On June 23, I left Cannon Beach, Oregon on my Surly Long Haul Trucker. 54 days and 3578 miles later, I arrived at Folly Beach, South Carolina.
It was the conclusion to an epic adventure. I was challenged in many ways, met countless terrific people, was pushed physically and recharged mentally. I got to visit old friends and made new friends. It was a lot of what I expected and then plenty of unexpected.
It took me three days to bike from Elberton, Georgia to Folly Beach. South Carolina is old plantations, Spanish Moss, dense forests, slow rivers and small communities. The heat and humidity made the ride difficult. John Williams, who assists me in wrestling, his wife Wendy and their daughter Sophia made things easier by picking up the trailer and panniers. I could ride without the burden of pulling an extra 50 or so pounds. I estimate that I was about 3-5 MPH faster without the weight; the biggest gain came in climbs. So I got to ride unencumbered and John, Wendy and Sophia hung out at the pool or beach. It worked out great and I can't thank my friends enough for coming down.
So I make it a bit over 50 miles when John and Wendy catch up with me on Thursday. They grab the trailer and feed me fresh fruit and drive on. I pedal the next 40 miles and meet them in Aiken, a great town when it's not 180 degrees outside. The next day, I am off riding early and John, Wendy took Sophia to Edisto Island for her first visit to the beach.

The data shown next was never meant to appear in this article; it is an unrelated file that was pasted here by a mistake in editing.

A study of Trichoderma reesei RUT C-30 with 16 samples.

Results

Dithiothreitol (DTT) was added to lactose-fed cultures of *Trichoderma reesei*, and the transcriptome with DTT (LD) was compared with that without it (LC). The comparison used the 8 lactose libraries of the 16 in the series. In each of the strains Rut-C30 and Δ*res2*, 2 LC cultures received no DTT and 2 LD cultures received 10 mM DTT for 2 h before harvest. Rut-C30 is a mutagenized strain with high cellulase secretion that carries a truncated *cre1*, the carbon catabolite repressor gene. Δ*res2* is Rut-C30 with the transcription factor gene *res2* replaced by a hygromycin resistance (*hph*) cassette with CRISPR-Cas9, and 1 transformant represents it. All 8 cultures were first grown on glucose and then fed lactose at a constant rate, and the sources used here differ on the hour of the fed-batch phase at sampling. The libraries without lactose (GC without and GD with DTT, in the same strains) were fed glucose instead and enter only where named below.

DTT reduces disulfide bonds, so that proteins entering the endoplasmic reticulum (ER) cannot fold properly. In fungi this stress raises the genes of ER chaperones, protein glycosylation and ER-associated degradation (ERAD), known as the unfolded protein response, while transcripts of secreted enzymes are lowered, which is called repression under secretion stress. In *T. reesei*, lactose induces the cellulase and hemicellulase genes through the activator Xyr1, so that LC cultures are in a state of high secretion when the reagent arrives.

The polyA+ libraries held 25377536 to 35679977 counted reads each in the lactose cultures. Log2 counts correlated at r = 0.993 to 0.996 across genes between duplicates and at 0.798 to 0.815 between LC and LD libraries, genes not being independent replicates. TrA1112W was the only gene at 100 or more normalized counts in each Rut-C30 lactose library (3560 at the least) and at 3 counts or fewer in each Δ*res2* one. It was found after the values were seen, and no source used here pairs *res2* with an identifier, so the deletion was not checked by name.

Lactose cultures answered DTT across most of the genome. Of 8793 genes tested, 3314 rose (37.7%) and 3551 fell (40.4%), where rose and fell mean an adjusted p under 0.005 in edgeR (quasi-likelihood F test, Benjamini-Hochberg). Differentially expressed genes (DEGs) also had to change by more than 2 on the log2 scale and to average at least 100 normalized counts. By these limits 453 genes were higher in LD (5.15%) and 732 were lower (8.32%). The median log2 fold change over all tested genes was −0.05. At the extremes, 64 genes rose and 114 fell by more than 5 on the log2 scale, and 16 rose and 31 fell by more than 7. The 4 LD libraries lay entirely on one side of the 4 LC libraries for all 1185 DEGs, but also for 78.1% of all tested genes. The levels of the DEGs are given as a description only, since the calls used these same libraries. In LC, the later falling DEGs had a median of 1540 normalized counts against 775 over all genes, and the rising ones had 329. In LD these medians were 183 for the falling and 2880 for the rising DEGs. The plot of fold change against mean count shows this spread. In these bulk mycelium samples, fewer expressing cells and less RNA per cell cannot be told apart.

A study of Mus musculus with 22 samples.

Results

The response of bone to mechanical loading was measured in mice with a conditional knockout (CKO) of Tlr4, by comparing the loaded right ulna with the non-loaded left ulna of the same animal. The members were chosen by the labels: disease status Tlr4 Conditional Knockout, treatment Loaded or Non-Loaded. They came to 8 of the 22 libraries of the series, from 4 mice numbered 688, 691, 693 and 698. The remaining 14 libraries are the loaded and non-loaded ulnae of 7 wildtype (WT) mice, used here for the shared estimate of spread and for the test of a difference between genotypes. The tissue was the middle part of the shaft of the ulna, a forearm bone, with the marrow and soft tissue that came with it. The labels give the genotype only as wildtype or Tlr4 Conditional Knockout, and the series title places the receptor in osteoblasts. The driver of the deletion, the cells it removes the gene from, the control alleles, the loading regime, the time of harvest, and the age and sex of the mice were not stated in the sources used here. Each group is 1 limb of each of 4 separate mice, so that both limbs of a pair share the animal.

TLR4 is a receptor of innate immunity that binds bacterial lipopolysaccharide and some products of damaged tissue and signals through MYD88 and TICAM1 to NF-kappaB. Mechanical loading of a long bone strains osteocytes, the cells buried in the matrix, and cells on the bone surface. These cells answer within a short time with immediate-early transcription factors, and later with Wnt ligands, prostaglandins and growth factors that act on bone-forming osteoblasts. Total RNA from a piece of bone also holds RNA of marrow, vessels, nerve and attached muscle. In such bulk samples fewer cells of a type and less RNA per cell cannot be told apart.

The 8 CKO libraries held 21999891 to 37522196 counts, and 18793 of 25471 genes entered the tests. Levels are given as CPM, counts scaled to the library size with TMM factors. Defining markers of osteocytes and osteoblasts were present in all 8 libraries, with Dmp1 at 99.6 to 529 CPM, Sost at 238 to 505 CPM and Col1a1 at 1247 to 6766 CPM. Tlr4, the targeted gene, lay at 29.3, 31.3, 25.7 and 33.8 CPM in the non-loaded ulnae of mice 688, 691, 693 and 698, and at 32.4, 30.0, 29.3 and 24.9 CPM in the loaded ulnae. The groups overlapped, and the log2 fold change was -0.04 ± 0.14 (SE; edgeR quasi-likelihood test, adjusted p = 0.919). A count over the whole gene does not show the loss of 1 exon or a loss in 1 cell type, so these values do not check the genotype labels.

The final day, Saturday, was about 60 miles from Walterboro to Folly Beach. Matthew and Erica Johnson drive down with their five month old, Eliza, so that Matthew can ride the final day with me. It was nice having the company of a great friend and awesome athlete. Matthew is a friend from church, a sick Ultimate player, the lead teacher at Glen Marlow Elementary and the guy who has given me scars mountain biking. Matthew and I always ride the trails together, so riding the pavement with him was a new experience. But we took turns drafting and just tore up the first 40-45 miles until fatigue started setting in.
Funny thing is that in 54 days of riding, I've never had to ride in the rain. It has rained at night, but not when I was on the bike. I was totally prepared for the rain-- I've got Goretex gear, fenders, drybays and they weren't called on. Matthew and I are trucking down Folly Beach Rd with the end very near in sight when the skies just open up. Not a just shower; it was a deluge. I turned and asked if he was okay with this and he replied, "Yeah! We're so close." So we trudged the last mile and half in an absolute downpour. When we got to the town of Folly Beach, the streets were flooded with 4-5 inches of water. We're totally saturated... and we're loving every moment of it.
At the Holiday Inn, John is waiting along with Chris Stevens (and here), a Georgia Tech Superfan, and his buddy Victor. Congrats, high fives and hugs are given all around. When the clouds break, we head to the Atlantic, where Bella and I step into the ocean to conclude our trek. After that, champagne toast courtesy of Chris's foresight and thoughtfulness.
It was a great way to finish. Exciting ending in the rain, super friends, champagne on the beach.
And how do I know it was a great ride? I don't hate my bike. After almost 3600 miles, I'm ready to get back on a bike and ride. So call me up-- we don't have to go cross country, but I'm up for a road ride or some singletrack in Dupont or Bent Creek.